The item was made out of precious white jade and was crafted for the famous Chinese emperor Qianlong during the 18th century.
Despite being 275-years-old, the teapot's condition remained exquisite, having hardly ever been used for tea-making.
It was taken out of China by the British in the 19th century and was put on display at the International Exhibitions in London in 1871 and 1886.
It was then bought by the British aristocrat Hinton Daniell Stewart in the late 1880s and has been passed down through his family.
A relative, who lives in the south-east of England, was the beneficiary of the staggering sum paid by a Hong Kong buyer.
The oriental market is buoyant at the moment as newly-rich Chinese collectors seek to buy back their heritage.
Clare Durham, of auctioneers Woolley and Wallis in Salisbury, Wiltshire, said: 'It might look like a normal teapot to the untrained eye but this item has been made from one of the finest pieces of stone you are ever likely to find.
'It is probable that this piece was made towards the end of the Qianlong reign, when large jade boulders were often carved to make pieces of art.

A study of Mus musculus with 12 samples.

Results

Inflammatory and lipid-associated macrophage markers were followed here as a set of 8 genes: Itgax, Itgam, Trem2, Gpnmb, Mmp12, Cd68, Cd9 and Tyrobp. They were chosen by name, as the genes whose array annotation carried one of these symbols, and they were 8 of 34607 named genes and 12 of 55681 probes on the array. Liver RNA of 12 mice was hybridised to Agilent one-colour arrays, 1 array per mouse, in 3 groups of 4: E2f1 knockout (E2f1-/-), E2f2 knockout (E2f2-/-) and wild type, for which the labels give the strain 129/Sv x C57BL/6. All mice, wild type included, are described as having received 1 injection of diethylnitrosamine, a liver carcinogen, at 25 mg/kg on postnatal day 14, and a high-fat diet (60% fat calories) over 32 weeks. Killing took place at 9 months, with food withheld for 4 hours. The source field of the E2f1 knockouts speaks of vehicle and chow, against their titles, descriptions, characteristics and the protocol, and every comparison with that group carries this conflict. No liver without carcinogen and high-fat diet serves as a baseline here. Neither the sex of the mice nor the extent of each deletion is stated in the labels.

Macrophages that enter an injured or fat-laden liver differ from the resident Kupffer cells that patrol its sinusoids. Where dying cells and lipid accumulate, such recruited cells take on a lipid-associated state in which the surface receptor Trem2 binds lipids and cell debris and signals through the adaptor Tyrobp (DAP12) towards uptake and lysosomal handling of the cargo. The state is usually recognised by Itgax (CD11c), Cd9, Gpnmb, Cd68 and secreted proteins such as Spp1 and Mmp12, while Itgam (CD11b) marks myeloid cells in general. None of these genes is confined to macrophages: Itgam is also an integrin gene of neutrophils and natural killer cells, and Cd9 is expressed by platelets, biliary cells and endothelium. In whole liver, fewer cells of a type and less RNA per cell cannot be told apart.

'You cannot fault its condition. It is a piece of stone that is pretty much flawless. There are no chinks or chips in it.
'It is an imperial piece made for one of the imperial palaces. I'm not sure if it would ever have been used to make a cup of tea but may have been used during the famous Chinese tea ceremonies.
'White jade is particularly rare and is very much sought-after by the Chinese because they regard it as pure."
The teapot is nearly eight inches long and five inches high. It has a compressed circular body and a C-scroll handle with two grooves on the end."